American Girl power

Does the specialty doll nurture girls' adventurousness or simply encourage them to be good little consumers?


Sarah Hepola
June 30, 2008 6:25PM (UTC)

I am at that age and place in life -- 33, single, without children -- when the American Girl phenomenon is utterly baffling. Why would little girls want those glassy-eyes zombies? They look so boring. Shouldn't they at least dance or sing or something? The idea of a parent's paying $100 for a specialty doll is nearly as foreign to me as a lonely man forking over hundreds for that other kind of real doll, the one we've written about pleeeenty of times before. Indeed, Broadsheet contributor Carol Lloyd once wrote a fascinating item comparing the two: "Like the sex dolls, American Girl dolls attempt to sell a simulacrum of a kind of perfection. In the case of grown men who can relate only to women who don't talk, move or breathe, it's pathological. In the case of a bunch of 7-year-olds, it's wholesome, age-appropriate play. But for some reasons I can't quite articulate, that still gives me the creeps." Yeah, me too, but I don't have a 7-year-old crying in her chicken soup about how desperately she loves Felicity -- and if I did, this would be the season I'd probably have to break down, and cough up a hundred clams.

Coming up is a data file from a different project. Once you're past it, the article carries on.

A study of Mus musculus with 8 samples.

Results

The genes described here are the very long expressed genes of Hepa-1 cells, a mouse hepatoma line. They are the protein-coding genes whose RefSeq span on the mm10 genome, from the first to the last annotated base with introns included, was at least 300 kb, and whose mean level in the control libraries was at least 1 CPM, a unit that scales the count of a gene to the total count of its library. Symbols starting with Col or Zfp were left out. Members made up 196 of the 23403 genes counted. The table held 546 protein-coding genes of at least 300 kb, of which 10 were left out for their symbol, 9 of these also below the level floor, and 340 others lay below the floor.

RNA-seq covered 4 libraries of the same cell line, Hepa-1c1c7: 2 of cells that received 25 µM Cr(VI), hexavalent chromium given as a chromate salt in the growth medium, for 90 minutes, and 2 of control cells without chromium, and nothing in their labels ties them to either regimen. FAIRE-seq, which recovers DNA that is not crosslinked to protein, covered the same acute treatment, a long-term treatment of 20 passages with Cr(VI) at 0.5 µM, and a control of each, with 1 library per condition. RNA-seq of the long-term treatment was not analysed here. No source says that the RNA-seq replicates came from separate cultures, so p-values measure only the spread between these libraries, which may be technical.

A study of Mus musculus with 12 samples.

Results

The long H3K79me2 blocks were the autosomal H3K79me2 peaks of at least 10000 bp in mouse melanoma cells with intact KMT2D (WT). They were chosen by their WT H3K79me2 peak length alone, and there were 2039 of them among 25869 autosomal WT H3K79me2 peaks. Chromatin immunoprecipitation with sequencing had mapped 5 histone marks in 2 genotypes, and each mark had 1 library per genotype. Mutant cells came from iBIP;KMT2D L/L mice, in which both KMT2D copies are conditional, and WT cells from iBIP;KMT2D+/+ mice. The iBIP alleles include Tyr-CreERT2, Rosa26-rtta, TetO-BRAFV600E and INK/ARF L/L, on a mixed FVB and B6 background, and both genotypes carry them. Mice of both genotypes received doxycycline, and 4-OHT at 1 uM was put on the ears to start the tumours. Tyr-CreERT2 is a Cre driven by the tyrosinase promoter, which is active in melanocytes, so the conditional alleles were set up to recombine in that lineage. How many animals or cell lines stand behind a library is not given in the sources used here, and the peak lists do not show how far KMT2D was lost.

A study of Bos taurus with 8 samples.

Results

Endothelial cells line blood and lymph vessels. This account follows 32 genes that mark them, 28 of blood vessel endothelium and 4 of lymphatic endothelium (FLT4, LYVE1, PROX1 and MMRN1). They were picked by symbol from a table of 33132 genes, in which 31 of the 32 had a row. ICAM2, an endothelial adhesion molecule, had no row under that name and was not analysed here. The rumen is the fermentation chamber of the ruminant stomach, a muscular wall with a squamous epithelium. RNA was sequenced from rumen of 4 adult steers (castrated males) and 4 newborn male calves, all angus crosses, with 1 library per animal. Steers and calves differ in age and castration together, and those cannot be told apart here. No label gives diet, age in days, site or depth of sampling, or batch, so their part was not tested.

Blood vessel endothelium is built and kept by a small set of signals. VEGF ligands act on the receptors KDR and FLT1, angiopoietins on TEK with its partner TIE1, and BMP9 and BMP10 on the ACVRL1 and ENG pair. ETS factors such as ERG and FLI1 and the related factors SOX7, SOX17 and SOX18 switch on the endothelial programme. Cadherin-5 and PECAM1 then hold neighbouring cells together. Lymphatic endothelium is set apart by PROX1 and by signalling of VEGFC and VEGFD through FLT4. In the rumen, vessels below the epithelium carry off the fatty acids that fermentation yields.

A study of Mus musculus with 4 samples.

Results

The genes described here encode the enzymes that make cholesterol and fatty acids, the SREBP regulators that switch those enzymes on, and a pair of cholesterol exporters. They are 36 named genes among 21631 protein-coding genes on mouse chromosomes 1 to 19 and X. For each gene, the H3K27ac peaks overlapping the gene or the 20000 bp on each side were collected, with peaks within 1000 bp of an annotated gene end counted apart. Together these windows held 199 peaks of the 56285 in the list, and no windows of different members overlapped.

"Kit Kittredge," the American Girl movie starring that plucky Abigail Breslin, opens Friday across the country, and Times movie critic (and father) A.O. Scott wrestles with the mixed messages of a giant industry that encourages girls' adventurousness while it stokes their consumerism. To be sure, the American dolls are the anti-Bratz, the anti-Barbies; in their proportions (if not in their slick, glossy hair and vacant eyes) they look like little girls. But isn't all this stuff about specialty stores -- where you sit down and have tea and finger sandwiches with your American girl -- kind of weird? Scott writes:


Scott can never fully swallow his ambivalence about the dolls, but he acknowledges that Kit Kittredge "celebrates, in the midst of hard times, an appealingly ordinary brand of heroism." Hey, the Cabbage Patch dolls of my youth never came with historical back stories. They didn't survive economic hardship and they were blasted ugly. For me, the best argument for the American Girl came when I watched this video of Dinah Schone, daughter of Salon news editor Mark Schone, talking about her American doll after the "Kit Kittredge" premiere. It's gotta be hard to say no to a kid when something so small makes her so damn happy.


Sarah Hepola

Sarah Hepola is the author of the New York Times bestselling memoir, "Blackout: Remembering the Things I Drank to Forget."